People migrating and travelling more and more in recent years has necessitated the cross-border transfer of money for many people. The World Bank estimated that a grand total of $431.6 billion was remitted to developing countries in 2015. That figure represents a 0.4% increase from $430 billion in 2014.
Total global remittances, including remittances to high-income countries, saw a 1.7% decrease to $581.6 billion, down from $592 billion in 2014. The World Bank also estimates that remittances to low and middle income countries (LMICs) will reach $442 billion by the end of 2016.
The need to send money overseas has spawned a host of specialty businesses that transfer money in the appropriate converted currencies. We’ve already looked at the different ways you can transfer money overseas, what it costs, and how to do it, but what about the question of who might be doing the transferring?
Australia offers a diverse range of study options for international students, with 40 Australian universities, 2 international universities, and a grand total of more than 1,200 higher education institutions offering over 22,000 courses to choose from.
According to Australian Education International, there were over 507,000 international students in Australia by the end of August 2016, which represented a 12% increase on the same period for 2015.
Useful resources for students:
At any given time, there are several hundred thousand working holiday maker visa holders and temporary skilled (subclass 457) visa holders working in Australia. As of January 21 2016, there were 100,150 457 visa holders in Australia; however by the end of June this number had dipped to 94,890. Working visa holders will often send money back home, either for their family or to cover ongoing expenses.
The countries responsible for the highest numbers of 457 visa holders are a mix of both high-income countries and LMICs. As an indication, the five countries with the largest number of applications granted as of June 2016 were:
- India (12,450)
- United Kingdom (8,790)
- People’s Republic of China (3,520)
- The Philippines (3,170)
- USA (2,510)
Useful resources for overseas workers:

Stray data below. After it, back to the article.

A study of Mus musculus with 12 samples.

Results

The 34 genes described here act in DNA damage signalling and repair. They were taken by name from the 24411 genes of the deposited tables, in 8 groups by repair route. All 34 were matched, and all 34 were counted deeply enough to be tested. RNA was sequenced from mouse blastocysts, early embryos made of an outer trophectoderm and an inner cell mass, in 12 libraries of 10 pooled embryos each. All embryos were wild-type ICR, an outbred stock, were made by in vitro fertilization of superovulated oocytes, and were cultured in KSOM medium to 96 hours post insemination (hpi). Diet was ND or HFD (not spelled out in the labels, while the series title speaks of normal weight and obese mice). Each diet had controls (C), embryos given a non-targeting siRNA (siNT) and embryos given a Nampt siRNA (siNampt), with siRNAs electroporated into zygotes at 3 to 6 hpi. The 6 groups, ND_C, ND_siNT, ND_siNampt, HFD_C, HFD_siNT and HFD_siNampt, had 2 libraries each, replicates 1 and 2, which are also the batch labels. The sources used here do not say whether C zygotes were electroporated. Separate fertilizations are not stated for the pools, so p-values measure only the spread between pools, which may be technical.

Moving overseas, temporarily or permanently, is a popular option for many Australians. For many, though, it is short-term option and they may need to send money home to Australia in the meantime. The Australian Bureau of Statistics Social Trends data found that in 2010, 80% of those who had planned to leave Australia permanently didn’t stay away – they returned to Australia within 12 months.
Returning to either country may mean leaving behind investments and savings in the other country, necessitating a regular transfer of funds either to or from overseas.
Useful resources for returning expats:
Those with family members who are travelling
In the year ended June 2016, Australian residents took over nine million (9,679,000) short-term overseas trips (ABS). When family members travel, though, there is always the risk that they might run into trouble – or out of funds. A fast and efficient money transfer service can become essential, especially if the person in question is without their wallet!
Useful resources for those with family who are travelling:
As commerce goes global, businesses may find an increasing number of their transactions are being conducted overseas. With places like Singapore becoming hotspots for international commerce, it’s important for businesses to be able to send money overseas. It might also be worth knowing how to do for tax reasons if they’re so inclined…
Useful resources for businesses:
If you plan on transferring money in the future, but aren’t sure on how to get started or which service is best for you, why not use our comparison tool to help answer that question?